Orbit to Nowhere

Review by Gary Hill
I like and respect this kind of electronic music a lot. We generally land it under the "progressive rock" heading. No, it's not rock, but it is progressive. This isn't the kind of thing I listen to a lot, but this is the kind of music I've made myself over the years. In fact, my first release was very much like this type of thing, and I called that "sound paintings," because it was less about songs than it was about creating an image with sound. That really applies to this album. This is very intriguing stuff that should appeal to fans of electronic music and particularly the spacey variety of it.


This review is available in book format (hardcover and paperback) in Music Street Journal: 2017  Volume 4 at lulu.com/strangesound.
Track by Track Review
Among the Asteroids

Trippy electronics open this. It grows gradually upward as it moves forward. There is a clanking kind of sound, perhaps the asteroids hitting one another. As this gets more of a driving element introduced, waves of keyboards seem to stream past, like screeching missiles driving through the atmosphere. This is definitely music, but it's more sonic painting than it is music in a traditional sense. It really does paint a picture of a chaotic swarm of asteroids all around. It evolves, but slowly, just like such a phenomenon would. This cut is over ten and a half minutes in length. It's space music, by definition. Yet, it's not atmospheric or ambient. There is a beauty to this, even though it's built heavily on chaos and bombast. As this winds down, it really begins to feel like we've been on a journey, starting at the outskirts of the asteroid belt, traveling through the heart of it, and then back out the other side.

Planetary Rotation
Coming in tentatively, this is built around waves of sound that feel a bit like magnetic interference or some kind of energy waves. The piece becomes more involved as it moves forward with elements of travel seeming to come into play. This starts to feel quite futuristic in some ways. At a little over six and a half minutes long, this is considerably shorter than the opener. It grows into something more musical, but never really has a "song" type identity.
Harbingers of Conflict
Weird sounds a bit like trippy tuned percussion start this. It grows out gradually with an uneasy sort of beauty. It feels alien and like a situation that might not turn out well. The piece grows into something that's less strange and less ominous. There are definitely melodic elements built into the structures here as this makes its way forward. It gets quite pretty later. It seems that perhaps the conflict was resolved because there seems to be harmony here.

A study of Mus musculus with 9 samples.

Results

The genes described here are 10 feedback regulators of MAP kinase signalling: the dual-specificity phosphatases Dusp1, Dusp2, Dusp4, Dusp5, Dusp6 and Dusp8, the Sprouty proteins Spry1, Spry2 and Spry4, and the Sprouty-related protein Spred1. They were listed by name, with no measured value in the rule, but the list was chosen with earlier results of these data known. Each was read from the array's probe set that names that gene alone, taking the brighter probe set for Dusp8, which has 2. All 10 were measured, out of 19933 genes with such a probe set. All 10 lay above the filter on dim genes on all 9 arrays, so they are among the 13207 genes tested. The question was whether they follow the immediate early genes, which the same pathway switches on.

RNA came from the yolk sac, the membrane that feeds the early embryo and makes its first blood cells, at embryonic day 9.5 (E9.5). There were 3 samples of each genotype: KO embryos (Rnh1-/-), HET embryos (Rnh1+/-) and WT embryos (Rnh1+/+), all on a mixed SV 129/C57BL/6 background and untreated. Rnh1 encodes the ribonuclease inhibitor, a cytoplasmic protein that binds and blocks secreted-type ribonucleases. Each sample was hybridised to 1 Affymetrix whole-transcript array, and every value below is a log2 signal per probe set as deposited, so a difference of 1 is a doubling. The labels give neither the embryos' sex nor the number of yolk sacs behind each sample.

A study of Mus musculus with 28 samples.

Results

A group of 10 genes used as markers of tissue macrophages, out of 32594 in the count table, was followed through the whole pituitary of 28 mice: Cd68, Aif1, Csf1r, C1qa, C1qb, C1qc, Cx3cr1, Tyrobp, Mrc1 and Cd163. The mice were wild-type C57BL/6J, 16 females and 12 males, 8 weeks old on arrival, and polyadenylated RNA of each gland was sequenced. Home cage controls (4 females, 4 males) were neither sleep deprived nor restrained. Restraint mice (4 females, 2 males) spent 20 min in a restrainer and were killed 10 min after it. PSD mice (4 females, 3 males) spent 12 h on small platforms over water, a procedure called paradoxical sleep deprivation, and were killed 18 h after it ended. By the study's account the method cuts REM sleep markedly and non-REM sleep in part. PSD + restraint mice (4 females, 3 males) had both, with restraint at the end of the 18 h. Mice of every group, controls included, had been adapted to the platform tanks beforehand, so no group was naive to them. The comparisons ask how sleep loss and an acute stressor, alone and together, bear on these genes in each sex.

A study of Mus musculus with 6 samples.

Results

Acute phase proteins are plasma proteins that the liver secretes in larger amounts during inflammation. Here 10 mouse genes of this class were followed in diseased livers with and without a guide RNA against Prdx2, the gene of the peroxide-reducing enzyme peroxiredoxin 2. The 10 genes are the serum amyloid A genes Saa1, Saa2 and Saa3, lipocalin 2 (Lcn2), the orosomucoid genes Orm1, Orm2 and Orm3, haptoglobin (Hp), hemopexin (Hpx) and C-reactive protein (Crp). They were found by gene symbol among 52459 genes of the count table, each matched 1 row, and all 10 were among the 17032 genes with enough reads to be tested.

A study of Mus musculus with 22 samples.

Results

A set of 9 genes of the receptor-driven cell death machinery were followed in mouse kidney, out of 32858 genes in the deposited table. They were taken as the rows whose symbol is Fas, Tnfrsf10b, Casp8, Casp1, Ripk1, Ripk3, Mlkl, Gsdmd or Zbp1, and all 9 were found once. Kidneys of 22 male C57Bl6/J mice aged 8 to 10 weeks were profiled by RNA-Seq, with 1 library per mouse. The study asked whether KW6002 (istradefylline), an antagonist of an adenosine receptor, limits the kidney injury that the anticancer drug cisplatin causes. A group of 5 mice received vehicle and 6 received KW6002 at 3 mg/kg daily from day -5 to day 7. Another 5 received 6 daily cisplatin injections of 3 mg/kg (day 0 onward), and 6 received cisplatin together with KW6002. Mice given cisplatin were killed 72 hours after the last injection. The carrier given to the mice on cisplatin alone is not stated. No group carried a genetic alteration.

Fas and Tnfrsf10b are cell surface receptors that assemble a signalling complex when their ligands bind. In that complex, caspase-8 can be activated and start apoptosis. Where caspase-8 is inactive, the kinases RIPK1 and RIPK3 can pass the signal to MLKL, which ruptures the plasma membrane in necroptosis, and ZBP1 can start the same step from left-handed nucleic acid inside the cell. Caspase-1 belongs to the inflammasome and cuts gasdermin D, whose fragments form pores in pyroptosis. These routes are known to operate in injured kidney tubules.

Interstellar Void
Lush lines of sound are joined by a tuned percussion kind of element as this pushes its way forward. There is definitely a beauty to this. More melodic sounds emerge later, bringing it closer to "song"-like territory.
Light Years Away
Electronic sounds not far removed from tuned percussion dance around one another at the start of this. Then some more chirpy tuned percussion elements begin to explore over the top of that. Another that leans more toward traditional musical textures as it evolves, this has a bit of Tomita kind of vibe in some ways.
Event Horizon
I like the gradually growing layers of sound on this cut. They seem to come in as waves rushing inward, getting steadily more insistent. Yet there are other sounds that are more constant. Of course, this is one of the better sound-paintings here, really resembling what one could imagine an event horizon to be like.
Forever in Doubt
An electronic sound that almost feels like the clacking of a train is at the heart of the beginning of this. Another sound a bit like the whooshing in Hawkwind music is heard over the top. Eventually this all gives way to a more insistent electronic element. Then a melodic kind of wrap around synthesizer part joins to drive it onward. This is one of the more musical pieces here, but is a slowly evolving kind of thing.